Science & Technology

‘No’ to a complete ban on gene editing

The gene altering technology may help in the eradication of hereditary diseases

By Jigyasa Watwani
Published: Wednesday 09 December 2015
Altering the human DNA is largely debated on ethical grounds. Credit; ThinkStock Photos

Scientists, legal experts and advocacy groups from more than 20 countries voted no to a complete ban on human gene editing for reproduction in an international summit held in Washington DC between December 1 and 3, 2015. The debated gene editing technology may be applied to eradicate hereditary illnesses.

Organised by the US National Academy of Sciences and the US National Academy of Medicine, with help from the Chinese Academy of Sciences and UK’s Royal Society, the summit sought to discuss the scientific, ethical and governance issues associated with gene editing technologies.

The summit recognised that the technology can be misused and, therefore, a host of ethical and safety issues should be resolved before embryos are modified for clinical applications. According to a statement released by the summit, human gene editing for reproduction must be allowed to continue if it is no more risky that natural sexual reproduction and is aimed at eliminating serious genetic conditions where there are no other alternatives such as in-vitro.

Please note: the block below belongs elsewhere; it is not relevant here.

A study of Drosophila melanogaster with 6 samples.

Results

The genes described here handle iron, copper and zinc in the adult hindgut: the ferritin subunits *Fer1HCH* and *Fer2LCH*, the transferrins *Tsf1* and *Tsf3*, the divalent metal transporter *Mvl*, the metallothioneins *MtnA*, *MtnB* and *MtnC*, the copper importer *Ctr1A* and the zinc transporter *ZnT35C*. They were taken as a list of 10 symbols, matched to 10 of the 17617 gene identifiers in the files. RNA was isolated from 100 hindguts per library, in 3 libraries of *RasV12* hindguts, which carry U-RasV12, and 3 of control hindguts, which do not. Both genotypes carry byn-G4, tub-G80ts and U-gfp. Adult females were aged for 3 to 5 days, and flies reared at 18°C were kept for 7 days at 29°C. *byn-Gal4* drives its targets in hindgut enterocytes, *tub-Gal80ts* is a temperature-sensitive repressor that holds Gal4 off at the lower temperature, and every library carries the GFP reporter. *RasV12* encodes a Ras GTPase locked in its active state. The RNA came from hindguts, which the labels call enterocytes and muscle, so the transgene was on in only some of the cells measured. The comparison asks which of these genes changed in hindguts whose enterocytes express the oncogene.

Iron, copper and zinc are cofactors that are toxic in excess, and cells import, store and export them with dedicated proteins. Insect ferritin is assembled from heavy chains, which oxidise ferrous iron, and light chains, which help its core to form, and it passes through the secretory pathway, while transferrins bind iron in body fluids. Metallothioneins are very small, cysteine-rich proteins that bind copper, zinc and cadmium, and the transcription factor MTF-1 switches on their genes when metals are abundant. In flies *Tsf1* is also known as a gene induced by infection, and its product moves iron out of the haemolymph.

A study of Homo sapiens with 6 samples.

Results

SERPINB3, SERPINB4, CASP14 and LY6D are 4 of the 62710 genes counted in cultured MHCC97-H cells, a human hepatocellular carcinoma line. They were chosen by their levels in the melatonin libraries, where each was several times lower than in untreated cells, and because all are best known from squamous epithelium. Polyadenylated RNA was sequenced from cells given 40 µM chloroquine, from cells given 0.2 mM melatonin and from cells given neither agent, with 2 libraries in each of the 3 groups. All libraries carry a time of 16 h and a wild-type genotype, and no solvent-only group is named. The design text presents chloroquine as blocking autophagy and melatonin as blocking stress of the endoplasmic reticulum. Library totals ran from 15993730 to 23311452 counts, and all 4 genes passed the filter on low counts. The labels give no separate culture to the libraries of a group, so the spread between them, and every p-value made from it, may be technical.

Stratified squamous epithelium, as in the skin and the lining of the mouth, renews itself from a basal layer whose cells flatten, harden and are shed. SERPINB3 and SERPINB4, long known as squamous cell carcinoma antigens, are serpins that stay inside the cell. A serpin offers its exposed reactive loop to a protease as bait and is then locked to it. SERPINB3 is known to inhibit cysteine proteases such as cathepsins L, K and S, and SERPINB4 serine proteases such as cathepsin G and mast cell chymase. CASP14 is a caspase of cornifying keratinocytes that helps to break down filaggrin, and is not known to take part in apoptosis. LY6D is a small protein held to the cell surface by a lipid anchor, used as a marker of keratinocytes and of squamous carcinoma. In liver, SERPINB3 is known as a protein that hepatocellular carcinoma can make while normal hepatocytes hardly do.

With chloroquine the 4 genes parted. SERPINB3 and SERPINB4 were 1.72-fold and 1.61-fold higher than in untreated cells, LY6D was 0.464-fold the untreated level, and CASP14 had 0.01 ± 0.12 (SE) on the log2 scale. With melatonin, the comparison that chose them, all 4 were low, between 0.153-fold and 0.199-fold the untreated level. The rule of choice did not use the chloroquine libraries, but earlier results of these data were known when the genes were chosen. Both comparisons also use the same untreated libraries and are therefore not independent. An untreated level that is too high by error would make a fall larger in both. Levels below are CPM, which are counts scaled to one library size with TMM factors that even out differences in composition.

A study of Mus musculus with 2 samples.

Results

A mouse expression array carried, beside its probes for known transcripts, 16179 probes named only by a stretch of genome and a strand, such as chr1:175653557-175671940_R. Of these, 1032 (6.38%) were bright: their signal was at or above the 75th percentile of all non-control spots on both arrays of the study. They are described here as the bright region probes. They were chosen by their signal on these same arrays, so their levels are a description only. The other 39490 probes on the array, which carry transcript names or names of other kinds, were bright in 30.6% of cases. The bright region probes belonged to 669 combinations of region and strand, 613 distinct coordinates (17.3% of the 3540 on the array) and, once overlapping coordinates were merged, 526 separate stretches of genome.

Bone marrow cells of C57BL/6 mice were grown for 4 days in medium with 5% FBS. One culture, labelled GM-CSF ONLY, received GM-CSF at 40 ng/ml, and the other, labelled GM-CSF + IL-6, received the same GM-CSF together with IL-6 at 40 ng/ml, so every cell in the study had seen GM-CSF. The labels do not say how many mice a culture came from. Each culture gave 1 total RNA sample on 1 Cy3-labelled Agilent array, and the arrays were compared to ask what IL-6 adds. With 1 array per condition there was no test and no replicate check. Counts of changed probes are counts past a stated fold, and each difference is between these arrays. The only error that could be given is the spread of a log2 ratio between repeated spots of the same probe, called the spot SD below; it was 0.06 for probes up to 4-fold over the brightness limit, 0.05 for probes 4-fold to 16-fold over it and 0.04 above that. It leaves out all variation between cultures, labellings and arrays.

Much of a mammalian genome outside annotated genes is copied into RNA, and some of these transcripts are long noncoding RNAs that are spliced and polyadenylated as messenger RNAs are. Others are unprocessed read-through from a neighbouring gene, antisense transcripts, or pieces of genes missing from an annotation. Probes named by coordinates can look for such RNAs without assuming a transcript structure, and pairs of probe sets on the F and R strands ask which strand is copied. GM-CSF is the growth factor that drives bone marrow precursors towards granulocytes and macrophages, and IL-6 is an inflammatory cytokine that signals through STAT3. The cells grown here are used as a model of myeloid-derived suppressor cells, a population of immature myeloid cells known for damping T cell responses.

The new technology

The new gene editing technology that is abuzz among scientists is called CRISPR/Cas 9. It is a replication of the method that bacteria use to defend themselves against viruses.

Clustered regularly interspaced short palindromic repeats (CRISPR) are repeating DNA sequences spread regularly in bacteria and other microorganisms. CRISPR-associated proteins (Cas) exist very close to CRISPR and these have the ability to slice DNA. Spacers are sequences in between CRISPRs that match the DNA of the viruses that attack these bacteria.

The process of gene editing via CRISPR/Cas 9 replicates a simple process - when a bacterial cell is invaded by a virus, it uses spacers (genes of the virus DNA that the host cell gets hold of) to make a guide RNA. This forms a complex with Cas 9. The guide RNA in the complex latches on to the target virus DNA and Cas 9 finally cuts it. In this way, the virus is prevented from replicating. 

This method can be engineered to cut and destroy other DNAs as well. Some say that if safety fears can be allayed, such applications could help eradicate devastating diseases. Others argue that modifying the DNA of embryos, that is, passing on changes to future generations, is an ethical line that should not be crossed.